Last week’s assassination of former Japanese Prime Minister Shinzo Abe (pictured) has reportedly been felt far and wide as the 67-year-old was one of the main protagonists in the effort to bring Las Vegas-style integrated casino resorts to the Asian nation.
According to a report from Inside Asian Gaming, 67-year-old Abe was killed on Friday afternoon in the Honshu city of Nara whilst campaigning for fellow Liberal Democratic Party member Kei Sato. The source detailed that the Tokyo-born leader was shot twice by an assassin using a homemade firearm and later pronounced dead at the nearby Nara Medical University Hospital.
Abe was reportedly first elected to serve as the Prime Minister of Japan in September of 2006 but lasted only a year before being asked to stand aside in favor of the more popular Yasuo Fukuda. The Seikei University graduate purportedly started a second term as his country’s principal politician in December of 2012 and only left 2,822 days later due to poor health, which places him top among those that have occupied the island nation’s highest post.
Inside Asian Gaming reported that the idea of bringing gambling-friendly integrated casino resorts to Japan first began in 2009 as a way of helping the country to attract more foreign tourists and improve its faltering economy. A special government committee purportedly started officially investigating the possibility some two years later using the newly-opened Marina Bay Sands and Resorts World Sentosa developments in Singapore as potential models.
When the Liberal Democratic Party regained control of Japan’s parliament in December of 2012, Abe was reportedly reappointed Prime Minister and travelled to see the three-tower Marina Bay Sands property for himself. The Yamaguchi representative later purportedly incorporated the legalization of integrated casino resorts into his ‘Japan is Back’ economic policy and declared that such facilities would ‘be key in Japan’s growth strategy’ by allowing the country to annually attract up to 20 million new foreign tourists.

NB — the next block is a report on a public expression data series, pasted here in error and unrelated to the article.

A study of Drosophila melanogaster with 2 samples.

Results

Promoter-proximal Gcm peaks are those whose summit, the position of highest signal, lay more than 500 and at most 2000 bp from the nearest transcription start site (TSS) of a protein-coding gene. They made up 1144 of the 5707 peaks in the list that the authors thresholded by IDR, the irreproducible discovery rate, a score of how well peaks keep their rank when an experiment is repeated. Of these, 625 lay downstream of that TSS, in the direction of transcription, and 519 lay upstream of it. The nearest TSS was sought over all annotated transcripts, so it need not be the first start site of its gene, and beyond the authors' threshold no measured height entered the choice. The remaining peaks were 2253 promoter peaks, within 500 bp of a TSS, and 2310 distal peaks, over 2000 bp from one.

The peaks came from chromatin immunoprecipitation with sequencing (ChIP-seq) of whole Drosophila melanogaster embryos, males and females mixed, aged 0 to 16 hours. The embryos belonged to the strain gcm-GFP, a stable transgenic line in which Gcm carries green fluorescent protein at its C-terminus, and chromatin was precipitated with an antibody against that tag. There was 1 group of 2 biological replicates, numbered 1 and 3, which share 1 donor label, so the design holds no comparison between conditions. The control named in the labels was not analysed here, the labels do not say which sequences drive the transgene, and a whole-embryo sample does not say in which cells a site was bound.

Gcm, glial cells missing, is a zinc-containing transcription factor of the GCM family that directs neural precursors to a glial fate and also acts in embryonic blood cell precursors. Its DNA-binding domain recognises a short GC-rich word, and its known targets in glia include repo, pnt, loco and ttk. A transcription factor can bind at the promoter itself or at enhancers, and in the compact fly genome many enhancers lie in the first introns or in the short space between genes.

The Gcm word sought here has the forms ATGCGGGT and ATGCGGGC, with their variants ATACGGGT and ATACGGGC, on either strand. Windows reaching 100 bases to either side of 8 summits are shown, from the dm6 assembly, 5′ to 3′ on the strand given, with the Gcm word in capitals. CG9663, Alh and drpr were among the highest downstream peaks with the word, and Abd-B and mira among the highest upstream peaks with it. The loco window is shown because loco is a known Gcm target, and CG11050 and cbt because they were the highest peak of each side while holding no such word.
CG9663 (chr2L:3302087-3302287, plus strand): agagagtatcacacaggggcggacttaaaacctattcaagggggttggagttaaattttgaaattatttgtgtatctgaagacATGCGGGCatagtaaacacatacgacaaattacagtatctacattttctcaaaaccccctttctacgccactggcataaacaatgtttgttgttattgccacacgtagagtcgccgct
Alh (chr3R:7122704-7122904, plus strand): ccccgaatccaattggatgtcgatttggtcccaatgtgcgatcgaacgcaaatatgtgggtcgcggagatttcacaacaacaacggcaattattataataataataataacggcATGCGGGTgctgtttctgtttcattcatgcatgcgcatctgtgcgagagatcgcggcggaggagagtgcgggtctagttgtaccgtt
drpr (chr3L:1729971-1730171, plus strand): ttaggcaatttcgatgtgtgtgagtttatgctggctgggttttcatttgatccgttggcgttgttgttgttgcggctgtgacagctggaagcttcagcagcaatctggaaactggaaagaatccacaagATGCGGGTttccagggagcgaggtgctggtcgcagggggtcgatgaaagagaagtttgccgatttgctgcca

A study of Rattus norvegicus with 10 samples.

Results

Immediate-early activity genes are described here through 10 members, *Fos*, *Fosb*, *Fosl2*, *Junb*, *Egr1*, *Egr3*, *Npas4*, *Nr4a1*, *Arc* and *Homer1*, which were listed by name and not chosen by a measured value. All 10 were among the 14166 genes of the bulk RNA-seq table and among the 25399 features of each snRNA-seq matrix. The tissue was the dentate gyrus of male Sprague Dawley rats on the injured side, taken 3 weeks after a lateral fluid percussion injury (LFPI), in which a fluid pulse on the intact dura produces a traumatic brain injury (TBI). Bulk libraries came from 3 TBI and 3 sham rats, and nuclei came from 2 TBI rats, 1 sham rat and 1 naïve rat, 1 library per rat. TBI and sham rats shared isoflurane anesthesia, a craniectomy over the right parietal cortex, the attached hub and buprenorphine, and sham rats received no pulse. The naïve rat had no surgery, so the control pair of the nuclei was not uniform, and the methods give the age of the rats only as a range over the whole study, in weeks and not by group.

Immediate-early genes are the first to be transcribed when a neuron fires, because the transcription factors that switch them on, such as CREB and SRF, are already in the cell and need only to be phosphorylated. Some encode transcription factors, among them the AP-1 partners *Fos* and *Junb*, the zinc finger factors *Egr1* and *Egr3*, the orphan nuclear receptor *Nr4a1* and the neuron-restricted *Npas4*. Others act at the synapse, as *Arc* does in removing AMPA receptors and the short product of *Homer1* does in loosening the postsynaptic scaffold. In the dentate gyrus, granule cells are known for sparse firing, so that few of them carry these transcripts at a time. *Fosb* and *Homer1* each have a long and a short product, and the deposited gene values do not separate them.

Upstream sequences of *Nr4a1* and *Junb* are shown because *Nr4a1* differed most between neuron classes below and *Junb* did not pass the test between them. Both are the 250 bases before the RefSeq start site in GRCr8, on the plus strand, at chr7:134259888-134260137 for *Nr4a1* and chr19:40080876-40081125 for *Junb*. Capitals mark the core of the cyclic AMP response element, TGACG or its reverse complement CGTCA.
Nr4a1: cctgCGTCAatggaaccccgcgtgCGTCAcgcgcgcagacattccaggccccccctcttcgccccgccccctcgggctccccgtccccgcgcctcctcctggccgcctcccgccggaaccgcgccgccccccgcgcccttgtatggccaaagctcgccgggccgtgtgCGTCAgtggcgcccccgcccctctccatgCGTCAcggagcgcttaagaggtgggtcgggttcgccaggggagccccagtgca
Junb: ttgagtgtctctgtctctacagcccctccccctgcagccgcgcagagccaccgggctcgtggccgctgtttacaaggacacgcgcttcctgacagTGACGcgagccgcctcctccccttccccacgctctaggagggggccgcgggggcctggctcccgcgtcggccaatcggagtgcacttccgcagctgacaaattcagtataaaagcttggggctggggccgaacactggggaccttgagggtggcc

Despite some initial protests, Abe reportedly began advocating for his administration’s Integrated Resort Promotion Act from December of 2016 so as to establish zones that would be permitted to host ‘integrated facilities bringing together tourism promotion and local activities.’ This piece of legislation moreover purportedly sought to break the country’s long-standing ban on casino gambling by acknowledging that such venues would need to be run by ‘private operators under appropriate supervision and control by the government.’
To further realize his dream of bringing Las Vegas-style developments to Japan and Abe reportedly created the Headquarters for Promoting Development of Specified Complex Tourist Facilities Areas from March of 2017. This was purportedly followed some 16 months later by the official ratification of his casino-enabling Integrated Resort Implementation Bill, which was to see the generation of gambling profits from the promotion of ‘long-stay tourism’ via the premiere of ‘internationally competitive and appealing features’ making use of ‘the local ingenuity and dynamism of the private sector.’
Although Abe left office in September of 2020, his Integrated Resort Implementation Bill reportedly went on to be fulfilled with the giant city of Osaka as well as the southern jurisdiction of Nagasaki Prefecture now waiting to hear if they are to be given permission to open the nation’s inaugural pair of integrated casino resorts. Although any final decisions are not expected before the autumn, Inside Asian Gaming declared that this entire campaign should be seen as ‘a standing monument to the work of Shinzo Abe’ and proof that ‘his legacy will live on’ despite the unfortunate fact that the leader ‘died without being able to see the fruits of his integrated resort vision.’